My friend and fellow Special Report panelist Juan Williams has a column titled “Defeat of healthcare law would erode voters’ trust in Supreme Court,” in which he argues, well, exactly that. He writes:
The relevant point is that the court may do irreparable harm to its reputation with another highly political split between justices appointed by Democrats and justices appointed by Republicans. A 5-4 defeat of the healthcare law will erode trust in the justice system.
It’s an odd argument coming from Williams given his fondness for citing polls to settle debates. He gives short shrift to the fact that the American people want Obamacare overturned in whole or in part. According to the latest CBS-NYT poll, 41 percent want to overturn the entire law, and 27 percent want to overturn the mandate, meaning that 68 percent want to see some part of the law go (The most recent Rasmussen polling says 53 percent favor repeal). A large share of Democrats are against the law in whole or in part, as well.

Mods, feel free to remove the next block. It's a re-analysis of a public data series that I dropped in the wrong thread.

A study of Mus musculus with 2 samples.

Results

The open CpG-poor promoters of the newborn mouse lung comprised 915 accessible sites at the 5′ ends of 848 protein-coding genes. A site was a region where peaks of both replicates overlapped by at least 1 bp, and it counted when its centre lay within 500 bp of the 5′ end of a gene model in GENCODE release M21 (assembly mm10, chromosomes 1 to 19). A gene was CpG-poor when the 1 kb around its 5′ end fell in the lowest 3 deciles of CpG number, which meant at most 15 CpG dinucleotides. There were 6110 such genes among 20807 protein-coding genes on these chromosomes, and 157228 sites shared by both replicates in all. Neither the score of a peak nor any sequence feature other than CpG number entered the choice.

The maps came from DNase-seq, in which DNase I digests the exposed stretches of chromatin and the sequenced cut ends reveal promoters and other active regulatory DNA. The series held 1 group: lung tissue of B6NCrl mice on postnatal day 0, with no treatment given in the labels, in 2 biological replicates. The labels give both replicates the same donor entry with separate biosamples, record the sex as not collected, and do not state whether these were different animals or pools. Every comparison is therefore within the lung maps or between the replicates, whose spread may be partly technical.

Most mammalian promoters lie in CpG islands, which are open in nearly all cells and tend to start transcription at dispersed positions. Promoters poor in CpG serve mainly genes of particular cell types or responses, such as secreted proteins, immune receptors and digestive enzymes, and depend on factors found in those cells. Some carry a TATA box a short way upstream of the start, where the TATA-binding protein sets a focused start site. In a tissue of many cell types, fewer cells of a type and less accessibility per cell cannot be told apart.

Now, I don’t think the Court should consider the polls when it makes decisions. And Williams is right that in terms of public confidence, ideally the court would come out with a unanimous or near unanimous decision. But if the issue is the Court’s reputation with voters, it’s hard for me to see how the public will view a 5–4 decision to uphold a law they don’t like as more legitimate than a 5–4 decision to strike down a law they don’t like. If the justices are going to be split, and if the reputation of the court is such a huge concern (overblown in my opinion), then siding with the voters strikes me the wiser course.
And yet, you only hear this complaint about the Supreme Court’s standing from people who want to keep Obamacare on the books. Curious.